A few weeks ago I started work on a new project: A Gentleman’s Valet. The plans once again came from Tom Fidgen’s book, The Unplugged Woodshop. The Valet is a small box/table on a stand, with a drawer, a rail and a coat hanger. It is a retro object, that in times gone by a gentleman might have used to hang his jacket and keep his wallet and glasses on.
As with any new project, I started with timber selection, settling on mahogany, with sycamore accents. I had a medium-sized board of mahogany, which provided me with most of my material, and I had an old snooker table as back up.
I made myself some templates for the curved parts out of thin ply. In this case, the curved parts are the feet, the box supports, the hanger and the hanger supports. I was then able to mark out all of the project components on the mahogany board before ripping them roughly to size.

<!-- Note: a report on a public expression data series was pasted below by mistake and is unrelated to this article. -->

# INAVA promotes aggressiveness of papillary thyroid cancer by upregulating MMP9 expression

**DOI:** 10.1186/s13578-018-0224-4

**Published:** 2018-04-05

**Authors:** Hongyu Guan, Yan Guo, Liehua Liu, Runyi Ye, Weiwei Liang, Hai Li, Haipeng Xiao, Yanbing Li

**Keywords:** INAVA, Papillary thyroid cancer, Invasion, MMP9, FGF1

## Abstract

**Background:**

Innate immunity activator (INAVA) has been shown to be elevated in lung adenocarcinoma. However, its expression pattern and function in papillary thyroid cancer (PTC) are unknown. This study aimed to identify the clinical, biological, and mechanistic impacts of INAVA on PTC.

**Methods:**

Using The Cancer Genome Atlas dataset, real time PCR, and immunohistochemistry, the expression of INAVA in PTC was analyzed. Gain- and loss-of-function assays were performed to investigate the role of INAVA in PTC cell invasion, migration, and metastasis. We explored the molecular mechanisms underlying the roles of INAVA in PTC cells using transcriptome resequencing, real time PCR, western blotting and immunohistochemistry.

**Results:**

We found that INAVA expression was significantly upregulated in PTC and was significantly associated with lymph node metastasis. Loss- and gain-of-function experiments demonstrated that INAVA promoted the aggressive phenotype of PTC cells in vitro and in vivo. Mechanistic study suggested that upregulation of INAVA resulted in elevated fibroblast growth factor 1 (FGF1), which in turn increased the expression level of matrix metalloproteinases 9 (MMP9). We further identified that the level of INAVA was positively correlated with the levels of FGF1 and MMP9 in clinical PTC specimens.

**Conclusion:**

I managed to bugger up my last blade for my homemade turning saw, so I had to resort to my trusty old coping saw. Don’t worry, I’ve got some new blades now.
With the curved parts roughly to shape, I then went on to the joinery for the leg assembly, which consists mainly of mortise and tenons. However, the upper supports are joined to the legs with lap joints and, as you can see, the mortise and tenon joinery for the legs and feet is slightly unusual – the delicate “cheeks” on the top of the feet are very exposed. The two lower stretchers for the feet were turned on the lathe.
And there we have it for now. Dry fit successful and ready for the next stage – inlay.